While 61 percent of mold builders are fully up and running, many manufacturers of the molds used to shape raw materials into plastic products are in rough shape because of the COVID-19 outbreak.
Twenty-six percent of the businesses in the mold making industry are at 50-75 percent of their pre-pandemic production levels. Another 13 percent are operating at half their normal level or worse. One percent shut down.
A quarter of the businesses don't expect their operations to return to normal at all in 2020.
The data comes from 318 respondents of the weekly "pulse surveys" taken by the Indianapolis-based American Mold Builders Association, a trade association with more than 280 members and partner suppliers serving dozens of markets.
"One thing that has been a struggle is the startup of the auto sector," Executive Director Troy Nix said in a May 27 webcast of AMBA's annual meeting. "I know plastics processors and the rubber product manufacturers are struggling, waiting for the full-fledge startup to begin."
Only 42 percent of survey takers that primarily serve the auto market are fully operational compared to 91 percent serving mostly the medical market.
Regardless of end markets, most sales projections are being revised. While 29 percent of the businesses expect to meet at least 95 percent of their financial goal, the rest are bracing to fall far short, according to the AMBA survey conducted May 20-22.
Only 58 percent of the respondents expect to reach 75 percent of their 2020 financial forecast, 11 percent say they will meet 50 percent of projections and 2 percent don't expect to achieve half their initial target.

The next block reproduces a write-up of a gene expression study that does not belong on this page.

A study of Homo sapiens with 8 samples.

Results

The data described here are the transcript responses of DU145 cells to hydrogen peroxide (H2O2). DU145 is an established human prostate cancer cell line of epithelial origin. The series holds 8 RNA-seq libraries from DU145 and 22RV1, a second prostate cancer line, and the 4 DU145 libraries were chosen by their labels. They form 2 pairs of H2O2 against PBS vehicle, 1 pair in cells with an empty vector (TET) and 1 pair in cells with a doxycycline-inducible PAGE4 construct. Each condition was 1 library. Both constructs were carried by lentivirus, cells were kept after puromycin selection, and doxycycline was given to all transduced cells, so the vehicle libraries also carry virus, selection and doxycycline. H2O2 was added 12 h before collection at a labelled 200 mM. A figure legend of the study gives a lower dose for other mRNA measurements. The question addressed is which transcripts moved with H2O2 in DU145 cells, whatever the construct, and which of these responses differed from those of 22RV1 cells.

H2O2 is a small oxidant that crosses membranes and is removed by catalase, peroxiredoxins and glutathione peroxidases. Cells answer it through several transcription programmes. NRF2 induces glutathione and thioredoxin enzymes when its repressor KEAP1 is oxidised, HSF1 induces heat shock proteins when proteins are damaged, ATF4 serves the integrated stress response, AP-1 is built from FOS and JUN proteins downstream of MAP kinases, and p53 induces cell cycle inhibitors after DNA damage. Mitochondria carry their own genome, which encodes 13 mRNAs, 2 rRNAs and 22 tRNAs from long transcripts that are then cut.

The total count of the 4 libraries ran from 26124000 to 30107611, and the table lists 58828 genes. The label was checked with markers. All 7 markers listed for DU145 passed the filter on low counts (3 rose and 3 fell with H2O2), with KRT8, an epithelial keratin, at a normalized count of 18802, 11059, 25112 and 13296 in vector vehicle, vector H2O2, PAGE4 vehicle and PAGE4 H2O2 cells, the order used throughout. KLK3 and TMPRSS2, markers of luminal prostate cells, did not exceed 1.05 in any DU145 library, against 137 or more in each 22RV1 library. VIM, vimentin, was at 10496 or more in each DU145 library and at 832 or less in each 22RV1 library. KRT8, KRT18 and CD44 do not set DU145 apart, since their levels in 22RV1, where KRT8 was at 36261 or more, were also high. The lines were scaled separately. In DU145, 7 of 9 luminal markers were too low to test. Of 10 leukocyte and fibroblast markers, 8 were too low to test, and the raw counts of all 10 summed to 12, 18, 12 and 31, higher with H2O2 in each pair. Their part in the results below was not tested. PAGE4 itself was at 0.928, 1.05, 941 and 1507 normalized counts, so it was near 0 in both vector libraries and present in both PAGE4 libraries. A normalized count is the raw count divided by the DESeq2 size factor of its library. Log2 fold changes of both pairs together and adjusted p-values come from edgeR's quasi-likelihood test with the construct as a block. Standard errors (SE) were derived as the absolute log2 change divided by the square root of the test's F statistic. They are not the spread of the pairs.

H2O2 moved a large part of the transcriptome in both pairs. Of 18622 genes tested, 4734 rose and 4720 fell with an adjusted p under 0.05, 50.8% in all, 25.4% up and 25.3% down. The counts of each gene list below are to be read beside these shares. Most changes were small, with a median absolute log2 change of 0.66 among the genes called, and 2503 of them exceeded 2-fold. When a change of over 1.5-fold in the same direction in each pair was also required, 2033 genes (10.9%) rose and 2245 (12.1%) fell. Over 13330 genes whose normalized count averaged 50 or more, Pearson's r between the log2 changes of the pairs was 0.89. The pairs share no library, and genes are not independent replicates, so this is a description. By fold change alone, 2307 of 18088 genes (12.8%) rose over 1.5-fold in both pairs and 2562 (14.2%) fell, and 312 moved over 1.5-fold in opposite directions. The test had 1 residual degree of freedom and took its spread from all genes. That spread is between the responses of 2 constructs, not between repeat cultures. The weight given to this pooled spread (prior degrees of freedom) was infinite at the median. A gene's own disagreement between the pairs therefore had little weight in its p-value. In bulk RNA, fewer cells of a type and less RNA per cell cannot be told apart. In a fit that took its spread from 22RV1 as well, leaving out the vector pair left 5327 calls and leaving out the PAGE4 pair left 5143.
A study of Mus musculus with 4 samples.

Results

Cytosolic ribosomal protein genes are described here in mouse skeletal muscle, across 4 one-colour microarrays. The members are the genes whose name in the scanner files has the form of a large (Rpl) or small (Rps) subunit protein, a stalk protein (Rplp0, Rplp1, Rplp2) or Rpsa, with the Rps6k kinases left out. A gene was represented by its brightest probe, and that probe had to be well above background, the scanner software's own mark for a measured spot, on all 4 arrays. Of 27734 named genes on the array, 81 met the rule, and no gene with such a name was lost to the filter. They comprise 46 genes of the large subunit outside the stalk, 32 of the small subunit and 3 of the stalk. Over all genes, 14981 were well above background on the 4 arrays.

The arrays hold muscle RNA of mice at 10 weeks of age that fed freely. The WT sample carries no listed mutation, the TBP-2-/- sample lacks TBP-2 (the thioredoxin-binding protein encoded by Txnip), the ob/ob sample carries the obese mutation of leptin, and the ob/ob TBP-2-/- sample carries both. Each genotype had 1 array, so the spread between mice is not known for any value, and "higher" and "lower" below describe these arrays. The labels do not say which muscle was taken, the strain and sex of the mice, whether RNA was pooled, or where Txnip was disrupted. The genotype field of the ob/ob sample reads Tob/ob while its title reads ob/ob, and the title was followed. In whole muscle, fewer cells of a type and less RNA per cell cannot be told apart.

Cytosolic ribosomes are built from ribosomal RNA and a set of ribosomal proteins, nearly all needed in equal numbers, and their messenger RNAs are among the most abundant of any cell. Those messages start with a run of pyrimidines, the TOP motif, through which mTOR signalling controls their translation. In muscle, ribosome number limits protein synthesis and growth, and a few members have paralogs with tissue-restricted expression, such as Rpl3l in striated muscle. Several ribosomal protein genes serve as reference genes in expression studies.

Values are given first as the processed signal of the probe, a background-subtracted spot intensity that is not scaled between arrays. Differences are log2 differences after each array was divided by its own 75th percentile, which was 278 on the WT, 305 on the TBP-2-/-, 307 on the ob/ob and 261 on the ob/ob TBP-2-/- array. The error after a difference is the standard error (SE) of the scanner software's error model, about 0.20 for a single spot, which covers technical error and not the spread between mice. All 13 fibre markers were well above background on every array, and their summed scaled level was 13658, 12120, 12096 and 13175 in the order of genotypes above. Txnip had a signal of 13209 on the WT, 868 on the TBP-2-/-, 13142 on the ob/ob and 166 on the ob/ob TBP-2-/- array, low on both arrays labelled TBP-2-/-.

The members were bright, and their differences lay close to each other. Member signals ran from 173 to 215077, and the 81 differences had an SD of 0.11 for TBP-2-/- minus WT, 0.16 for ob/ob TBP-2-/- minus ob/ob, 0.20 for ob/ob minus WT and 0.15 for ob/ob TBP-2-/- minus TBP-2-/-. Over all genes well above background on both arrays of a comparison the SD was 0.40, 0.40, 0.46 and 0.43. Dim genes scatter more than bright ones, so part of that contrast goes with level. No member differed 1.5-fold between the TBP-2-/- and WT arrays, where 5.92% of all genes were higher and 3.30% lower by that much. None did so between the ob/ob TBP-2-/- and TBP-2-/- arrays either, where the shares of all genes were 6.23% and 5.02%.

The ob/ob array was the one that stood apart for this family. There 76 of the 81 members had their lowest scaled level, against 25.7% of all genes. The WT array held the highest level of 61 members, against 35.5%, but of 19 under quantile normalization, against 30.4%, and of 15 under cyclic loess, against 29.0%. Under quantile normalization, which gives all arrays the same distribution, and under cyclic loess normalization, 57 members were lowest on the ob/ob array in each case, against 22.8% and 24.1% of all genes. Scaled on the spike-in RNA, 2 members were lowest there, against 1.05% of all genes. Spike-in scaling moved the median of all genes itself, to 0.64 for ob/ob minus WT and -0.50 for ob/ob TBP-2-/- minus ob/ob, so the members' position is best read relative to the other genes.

A lot of the feedback from businesses is troubling to Laurie Harbour, president and CEO of Harbor Results Inc. in Southfield, Mich., a financial and operational consulting firm for manufacturers. Most tool and die shops already were planning for 2020 to be a light year in terms of sales, Harbour noted.
"If they were only planning for 80 percent of 2019 volumes and now they're planning for 75 percent of that, we're looking at an industry that will take a significant impact in the 2020 calendar year," Harbour said during the online meeting.
Her firm has been conducting its own monthly surveys of some 325 businesses — mold builders, molders, stamping firms and die manufacturers — about how the COVID-19 virus, which was declared a pandemic on March 11, is affecting their operations.
Thirty-five percent of tool shops and 47 percent of production shops are concerned about the future because business is significantly down. Some of them won't survive the COVID-19 crisis.
"In October of last year, I forecast a 10-15 percent loss of mold shops and die shops over the next five years. I wasn't anticipating that soon," Harbour said. "Unfortunately, I think that number will be similar, if not more, and I think it will be moved forward quite a bit."